Justices Deny City of Houston's Appeal Over Benefits for Same-Sex Couples

AUSTIN, Texas - The United States Supreme Court will not get involved in a case addressing whether or not gay spouses of government entities are entitled to government-subsidized workplace benefits.

This stems from a case involving the city of Houston. In Turner v Pidgeon, the city's policy allowing same-sex spouses of city employees was called into question by two residents who argued that the taxpayers should not pay for benefits that are not required by law.

The U.S. Supreme Court legalized same-sex marriage in a landmark case in 2015, called Obergefell v. Hodges. In June 2017, the Texas Supreme Court tossed out a ruling by a lower court that favored same-sex marriage benefits.

SCOTUS' decision not to review Houston's appeal means the Texas Supreme Court's ruling that calls for an exploration of the "reach and ramifications" of the country's same-sex marriage law.
Monday's decision "doesn't create law, and it doesn't change law," according to Equality Texas Chief Executive Officer, Chuck Smith.

Government entities are not required to provide benefits to spouses of gay and lesbian employees, though many choose to do so, and LGBT advocates have said benefits should apply to all legal marriages.

"Any employer that offers benefits to married people, they need to continue to offer those benefits on the same terms and conditions regardless of the gender of the couples," Smith said.

Meanwhile, an attorney representing the two people suing the city of Houston, said the U.S. Supreme Court's 2015 ruling did not address same-sex benefits, it only addressed legality of marriage, and therefore, there is "nothing in law that requires government to use tax dollars to pay for same-sex benefits."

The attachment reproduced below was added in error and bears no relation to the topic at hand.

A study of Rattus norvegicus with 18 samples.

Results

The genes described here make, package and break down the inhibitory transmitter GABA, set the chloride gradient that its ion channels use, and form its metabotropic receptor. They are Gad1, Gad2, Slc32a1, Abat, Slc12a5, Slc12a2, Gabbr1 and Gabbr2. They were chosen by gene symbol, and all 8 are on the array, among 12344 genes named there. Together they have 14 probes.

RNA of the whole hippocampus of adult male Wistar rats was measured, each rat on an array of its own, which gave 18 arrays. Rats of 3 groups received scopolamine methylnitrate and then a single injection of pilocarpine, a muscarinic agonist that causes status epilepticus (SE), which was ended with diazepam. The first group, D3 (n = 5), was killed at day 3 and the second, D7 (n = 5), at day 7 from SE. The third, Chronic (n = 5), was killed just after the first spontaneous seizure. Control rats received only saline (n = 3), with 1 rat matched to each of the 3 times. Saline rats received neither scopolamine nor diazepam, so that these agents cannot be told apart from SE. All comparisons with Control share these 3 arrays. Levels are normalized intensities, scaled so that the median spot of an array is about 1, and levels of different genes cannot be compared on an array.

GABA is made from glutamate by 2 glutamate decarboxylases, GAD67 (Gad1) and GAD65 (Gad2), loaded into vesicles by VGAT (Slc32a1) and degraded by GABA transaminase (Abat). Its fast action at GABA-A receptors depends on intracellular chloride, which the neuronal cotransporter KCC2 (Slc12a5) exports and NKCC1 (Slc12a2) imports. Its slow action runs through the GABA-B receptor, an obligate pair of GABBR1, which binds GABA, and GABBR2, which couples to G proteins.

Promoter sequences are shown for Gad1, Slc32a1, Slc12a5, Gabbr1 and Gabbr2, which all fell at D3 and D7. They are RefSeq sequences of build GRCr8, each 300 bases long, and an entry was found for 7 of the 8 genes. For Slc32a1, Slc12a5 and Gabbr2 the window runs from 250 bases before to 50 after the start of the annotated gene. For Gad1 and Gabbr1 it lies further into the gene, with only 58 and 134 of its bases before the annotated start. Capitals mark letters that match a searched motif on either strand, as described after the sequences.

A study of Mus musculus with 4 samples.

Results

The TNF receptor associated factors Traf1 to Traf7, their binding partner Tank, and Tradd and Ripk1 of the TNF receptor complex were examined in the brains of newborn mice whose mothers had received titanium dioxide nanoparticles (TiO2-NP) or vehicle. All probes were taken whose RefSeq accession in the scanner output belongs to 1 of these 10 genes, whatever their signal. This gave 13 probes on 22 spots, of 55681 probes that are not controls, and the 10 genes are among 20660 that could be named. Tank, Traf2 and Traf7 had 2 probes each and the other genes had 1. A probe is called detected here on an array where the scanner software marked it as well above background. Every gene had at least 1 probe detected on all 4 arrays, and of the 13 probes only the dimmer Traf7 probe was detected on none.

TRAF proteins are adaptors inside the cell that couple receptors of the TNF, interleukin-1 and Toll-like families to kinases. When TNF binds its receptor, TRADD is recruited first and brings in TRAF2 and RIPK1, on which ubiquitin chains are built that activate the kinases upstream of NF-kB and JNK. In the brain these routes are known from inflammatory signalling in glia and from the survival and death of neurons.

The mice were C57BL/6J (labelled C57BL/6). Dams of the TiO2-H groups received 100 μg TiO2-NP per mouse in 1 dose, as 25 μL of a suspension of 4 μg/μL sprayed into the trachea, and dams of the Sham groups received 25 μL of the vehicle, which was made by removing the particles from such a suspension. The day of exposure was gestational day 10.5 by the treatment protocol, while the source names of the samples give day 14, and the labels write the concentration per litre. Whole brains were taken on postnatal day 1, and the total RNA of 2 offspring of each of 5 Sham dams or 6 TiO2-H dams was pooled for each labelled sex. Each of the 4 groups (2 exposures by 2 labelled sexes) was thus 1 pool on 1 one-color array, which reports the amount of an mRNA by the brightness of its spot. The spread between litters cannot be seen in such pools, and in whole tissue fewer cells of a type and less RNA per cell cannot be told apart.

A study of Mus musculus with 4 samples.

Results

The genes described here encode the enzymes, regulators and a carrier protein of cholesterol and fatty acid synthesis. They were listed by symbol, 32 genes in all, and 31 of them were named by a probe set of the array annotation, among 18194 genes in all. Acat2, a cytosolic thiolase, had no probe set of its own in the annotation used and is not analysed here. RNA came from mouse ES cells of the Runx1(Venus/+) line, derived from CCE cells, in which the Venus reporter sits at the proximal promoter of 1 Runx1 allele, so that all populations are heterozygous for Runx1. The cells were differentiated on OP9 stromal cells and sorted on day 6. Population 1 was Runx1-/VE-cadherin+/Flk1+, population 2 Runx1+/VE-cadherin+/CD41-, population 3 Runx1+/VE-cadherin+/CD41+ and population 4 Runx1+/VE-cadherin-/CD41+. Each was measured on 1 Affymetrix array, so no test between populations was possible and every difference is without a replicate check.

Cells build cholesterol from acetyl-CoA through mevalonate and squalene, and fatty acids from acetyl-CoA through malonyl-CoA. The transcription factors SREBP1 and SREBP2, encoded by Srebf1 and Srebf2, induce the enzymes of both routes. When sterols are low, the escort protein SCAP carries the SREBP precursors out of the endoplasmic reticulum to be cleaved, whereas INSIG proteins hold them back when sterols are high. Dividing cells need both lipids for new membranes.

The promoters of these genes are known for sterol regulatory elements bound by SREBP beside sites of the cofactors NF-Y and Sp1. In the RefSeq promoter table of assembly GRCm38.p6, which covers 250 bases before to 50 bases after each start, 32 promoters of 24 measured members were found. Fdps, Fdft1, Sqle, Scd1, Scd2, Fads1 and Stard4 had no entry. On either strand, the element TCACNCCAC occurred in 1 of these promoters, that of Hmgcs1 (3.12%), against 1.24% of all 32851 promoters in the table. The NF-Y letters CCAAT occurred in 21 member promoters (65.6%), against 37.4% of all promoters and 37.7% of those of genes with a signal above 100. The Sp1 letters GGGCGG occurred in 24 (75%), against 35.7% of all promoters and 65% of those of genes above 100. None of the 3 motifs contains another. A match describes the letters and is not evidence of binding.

"The Supreme Court had an opportunity, if they felt something was different or there was a concern or maybe their previous precedent was being misrepresented, the opportunity was right in front of them to say something," attorney Jonathan Saenz, president of Texas Values, said.
Smith disagrees.

"[SCOTUS] was abundantly clear in their ruling that they weren’t just talking about the performance of a marriage ceremony, they were in fact talking about all of the benefits that flow from the institution of marriage," Smith explained.

Texas Attorney General Ken Paxton issued a statement after the high court's announcement on Monday.

"We’re pleased that the U.S. Supreme Court let stand the Texas Supreme Court ruling that the right to a marriage license does not entitle same-sex couples to employee benefits at the expense of Texas taxpayers," Paxton said, in part.

Texas Democratic Party Chair Gilberto Hinojosa released a statement as well.

"The High Court just made it harder for so many folks to achieve the American Dream. This decision rejects the very ideals this nation was founded on and allows discrimination against same-sex couples to fester," Hinojosa stated, in part.

The case now heads back to a trial court. The U.S. Supreme Court could take it up at a later date, if the justices decide.